Have you ever considered putting your kids in charge? Sounds crazy, right?! Let’s face it, as a group, a lot of parents aren’t known for a relaxed and laissez-faire approach to raising our kids. And while there are many upsides to the careful attention we pay to our offspring, it’s possible that our kids’ aren’t given the chance to develop a sense of autonomy.

 Learning to do for yourself is important. Especially when we pause and remind ourselves that one of our biggest goals as parents is to help our kids turn into independent adults! In fact, research shows that kids who are given opportunities to be in charge and make decisions grow to be more capable and grounded adults.

Independent Kids

In a Psychology Today article, Raise Independent Children, Dr. Jim Taylor points out that independence isn’t something that kids get on their own, since “[t]hey have neither the perspective, experience, nor skills to develop independence…”. It’s up to parents to give their kids the tools they need to gain independence; this can be done by allowing kids to make choices for themselves, helping them build independence through responsibility, and allowing them to make mistakes.

Making choices and doing chores is empowering!

Regardless of age, everyone wants to feel like they’re in control of their own life. We can help our kids become independent by allowing them to make choices for themselves and  by giving them responsibilities.

In fact, making choices teaches problem-solving, since it allows children to develop reasoning tools they will need later in life. Sue Grossman, a professor of early childhood education at Eastern Michigan University  writes that making decisions will help kids feel more in-control of their own lives; kids who feel in control of their lives also have better self-esteem, since part of developing self-esteem is learning how to confidently take care of oneself.  Decision-making abilities are also a very important part of developing morality – since it’s hard to ask kids to make good choices if they never learned how to make choices in the first place.

Offering kids choices doesn’t have to be that hard, or even that ambitious -  it can be as simple as discussing what after-school activity they’d like to participate in, or how they’d like to decorate their room. Asking kids for their input shows that we value their opinions, which helps reinforce that their say matters.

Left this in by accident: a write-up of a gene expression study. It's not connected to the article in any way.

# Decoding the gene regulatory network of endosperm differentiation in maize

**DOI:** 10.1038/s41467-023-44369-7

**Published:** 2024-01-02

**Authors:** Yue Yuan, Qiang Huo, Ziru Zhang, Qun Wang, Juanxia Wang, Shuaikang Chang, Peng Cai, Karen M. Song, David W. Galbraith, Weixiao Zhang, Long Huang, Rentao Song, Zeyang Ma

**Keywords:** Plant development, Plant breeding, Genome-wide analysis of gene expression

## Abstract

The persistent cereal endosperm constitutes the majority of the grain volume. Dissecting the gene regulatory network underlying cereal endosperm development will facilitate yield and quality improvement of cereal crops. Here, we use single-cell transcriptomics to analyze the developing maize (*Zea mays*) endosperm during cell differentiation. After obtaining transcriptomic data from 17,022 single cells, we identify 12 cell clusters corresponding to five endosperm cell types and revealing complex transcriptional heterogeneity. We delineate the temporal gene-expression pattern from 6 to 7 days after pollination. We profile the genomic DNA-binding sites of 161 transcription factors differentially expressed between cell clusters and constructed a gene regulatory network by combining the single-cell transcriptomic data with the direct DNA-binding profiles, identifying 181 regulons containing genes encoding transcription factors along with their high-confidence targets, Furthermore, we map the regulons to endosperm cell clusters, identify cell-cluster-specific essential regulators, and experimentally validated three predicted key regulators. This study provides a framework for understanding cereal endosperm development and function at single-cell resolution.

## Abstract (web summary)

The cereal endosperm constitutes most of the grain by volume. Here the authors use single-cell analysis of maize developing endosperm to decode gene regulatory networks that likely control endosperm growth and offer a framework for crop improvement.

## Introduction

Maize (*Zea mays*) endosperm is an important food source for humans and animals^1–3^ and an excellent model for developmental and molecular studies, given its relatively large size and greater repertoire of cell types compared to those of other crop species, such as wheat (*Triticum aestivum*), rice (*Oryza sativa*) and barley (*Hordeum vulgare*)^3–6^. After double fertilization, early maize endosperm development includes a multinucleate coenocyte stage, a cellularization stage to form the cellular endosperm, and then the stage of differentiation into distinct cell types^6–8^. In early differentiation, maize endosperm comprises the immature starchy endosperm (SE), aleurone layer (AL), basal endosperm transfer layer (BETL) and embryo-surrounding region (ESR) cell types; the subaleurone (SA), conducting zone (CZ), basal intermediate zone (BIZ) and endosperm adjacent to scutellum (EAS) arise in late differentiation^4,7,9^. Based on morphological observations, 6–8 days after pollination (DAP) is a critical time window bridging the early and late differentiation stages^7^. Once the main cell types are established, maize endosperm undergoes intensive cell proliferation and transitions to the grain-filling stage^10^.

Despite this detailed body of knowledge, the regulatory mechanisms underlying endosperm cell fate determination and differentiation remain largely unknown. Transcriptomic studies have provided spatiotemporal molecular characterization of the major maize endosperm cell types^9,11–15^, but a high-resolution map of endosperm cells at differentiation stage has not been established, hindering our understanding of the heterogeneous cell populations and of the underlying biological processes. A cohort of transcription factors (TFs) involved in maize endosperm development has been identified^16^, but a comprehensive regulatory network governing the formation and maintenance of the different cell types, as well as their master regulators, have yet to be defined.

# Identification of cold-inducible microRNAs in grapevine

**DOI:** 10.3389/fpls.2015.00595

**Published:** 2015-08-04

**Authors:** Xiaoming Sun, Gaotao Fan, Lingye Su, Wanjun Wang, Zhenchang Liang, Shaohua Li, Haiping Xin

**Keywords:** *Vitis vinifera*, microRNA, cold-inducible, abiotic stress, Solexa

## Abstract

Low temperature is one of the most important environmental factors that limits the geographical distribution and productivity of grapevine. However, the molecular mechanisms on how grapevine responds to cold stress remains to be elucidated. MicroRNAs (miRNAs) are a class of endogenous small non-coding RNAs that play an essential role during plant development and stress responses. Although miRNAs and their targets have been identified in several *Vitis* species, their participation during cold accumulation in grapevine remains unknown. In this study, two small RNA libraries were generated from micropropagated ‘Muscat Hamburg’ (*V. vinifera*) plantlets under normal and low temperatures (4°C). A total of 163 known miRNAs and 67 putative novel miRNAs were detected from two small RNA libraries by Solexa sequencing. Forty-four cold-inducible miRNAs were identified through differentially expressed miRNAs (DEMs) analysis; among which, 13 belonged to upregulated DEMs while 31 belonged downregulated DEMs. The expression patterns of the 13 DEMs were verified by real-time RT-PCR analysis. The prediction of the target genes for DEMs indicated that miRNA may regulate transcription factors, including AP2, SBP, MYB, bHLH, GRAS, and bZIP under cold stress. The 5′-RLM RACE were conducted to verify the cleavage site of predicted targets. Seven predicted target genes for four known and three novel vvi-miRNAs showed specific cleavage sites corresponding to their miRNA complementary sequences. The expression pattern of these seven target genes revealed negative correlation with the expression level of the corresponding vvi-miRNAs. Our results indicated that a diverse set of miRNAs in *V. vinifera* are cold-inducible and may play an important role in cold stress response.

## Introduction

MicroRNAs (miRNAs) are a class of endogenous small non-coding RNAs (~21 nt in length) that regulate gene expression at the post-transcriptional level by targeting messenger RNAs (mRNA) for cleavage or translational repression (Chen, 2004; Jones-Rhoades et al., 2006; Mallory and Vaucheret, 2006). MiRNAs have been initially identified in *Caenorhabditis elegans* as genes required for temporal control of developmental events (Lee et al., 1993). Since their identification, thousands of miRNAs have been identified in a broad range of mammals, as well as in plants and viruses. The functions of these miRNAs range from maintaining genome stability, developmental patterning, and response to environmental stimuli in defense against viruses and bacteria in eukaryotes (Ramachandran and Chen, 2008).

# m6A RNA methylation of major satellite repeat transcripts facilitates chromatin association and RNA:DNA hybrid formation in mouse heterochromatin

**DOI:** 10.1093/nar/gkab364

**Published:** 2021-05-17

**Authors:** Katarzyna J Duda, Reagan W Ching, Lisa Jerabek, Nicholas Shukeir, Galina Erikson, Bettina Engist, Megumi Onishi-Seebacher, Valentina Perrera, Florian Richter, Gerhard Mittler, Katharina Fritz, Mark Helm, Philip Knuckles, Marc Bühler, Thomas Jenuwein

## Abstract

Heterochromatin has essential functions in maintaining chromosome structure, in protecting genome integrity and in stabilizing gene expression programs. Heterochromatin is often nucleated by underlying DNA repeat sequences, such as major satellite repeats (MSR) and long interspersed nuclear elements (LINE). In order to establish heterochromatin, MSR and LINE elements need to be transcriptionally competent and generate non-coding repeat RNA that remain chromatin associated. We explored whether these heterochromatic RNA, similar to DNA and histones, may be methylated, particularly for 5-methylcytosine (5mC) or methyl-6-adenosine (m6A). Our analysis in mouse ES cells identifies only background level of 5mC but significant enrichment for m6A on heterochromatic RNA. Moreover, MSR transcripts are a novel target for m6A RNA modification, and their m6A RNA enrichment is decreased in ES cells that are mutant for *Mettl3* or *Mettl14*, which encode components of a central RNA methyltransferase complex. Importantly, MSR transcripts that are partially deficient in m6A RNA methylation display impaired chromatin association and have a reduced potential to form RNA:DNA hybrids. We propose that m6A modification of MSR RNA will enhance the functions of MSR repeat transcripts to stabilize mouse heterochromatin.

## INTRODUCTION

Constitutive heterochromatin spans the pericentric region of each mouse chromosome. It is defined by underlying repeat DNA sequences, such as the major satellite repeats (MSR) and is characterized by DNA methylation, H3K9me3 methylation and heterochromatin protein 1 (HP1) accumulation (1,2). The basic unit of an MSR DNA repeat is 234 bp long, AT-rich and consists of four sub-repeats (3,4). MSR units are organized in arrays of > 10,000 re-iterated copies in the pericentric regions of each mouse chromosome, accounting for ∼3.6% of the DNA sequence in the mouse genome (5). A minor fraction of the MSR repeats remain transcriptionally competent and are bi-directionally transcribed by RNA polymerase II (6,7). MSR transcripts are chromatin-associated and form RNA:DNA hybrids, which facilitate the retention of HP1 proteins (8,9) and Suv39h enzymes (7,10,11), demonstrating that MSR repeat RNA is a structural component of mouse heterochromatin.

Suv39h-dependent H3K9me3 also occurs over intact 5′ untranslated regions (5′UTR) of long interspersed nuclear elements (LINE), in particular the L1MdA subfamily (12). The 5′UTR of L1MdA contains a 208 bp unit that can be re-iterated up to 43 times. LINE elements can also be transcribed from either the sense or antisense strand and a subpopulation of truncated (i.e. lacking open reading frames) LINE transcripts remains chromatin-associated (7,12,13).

Another way to help kids develop a sense of independence is trusting them with chores. While it’s true that not all kids are thrilled at the prospect of cleaning the cat litter, or clearing the table, and it can feel simpler for us parents to just do it ourselves, family therapist Dr. Fred Provenzano points out that this sends the message that parents don’t trust kids to finish a task properly – plus it means they miss out on learning how to take care of themselves. Learning how to properly do something, like laundry, leaves a kid feeling empowered. This sense of empowerment then follows them into other areas of their life.

Mistakes as a tool for empowerment

Allowing kids to be independent and make their own choices mean that (just like grownups) they will make mistakes. But mistakes are a very important chance for kids to develop independence!

Child psychologist, Dr. Michele Borba says that mistakes are an opportunity to help raise self-reliant, independent and resourceful children. Instead of trying immediately to “fix” the problem, disappointments are an opportunity to teach kids how to rebound, avoid making the same mistake and how to ultimately succeed where they initially failed Dr. Borba also points out the importance of sharing your own mistakes as a way of helping teach kids, “Doing so will help your child recognize not only that everyone makes mistakes (including you!), but that they can also be learning opportunities in disguise. And that’s a big plus to your kid’s independence because she’ll be less likely to fear the mistake and more likely to rebound.”


So, we’re wondering, would you consider putting your kids in charge?  Tell us in the comments!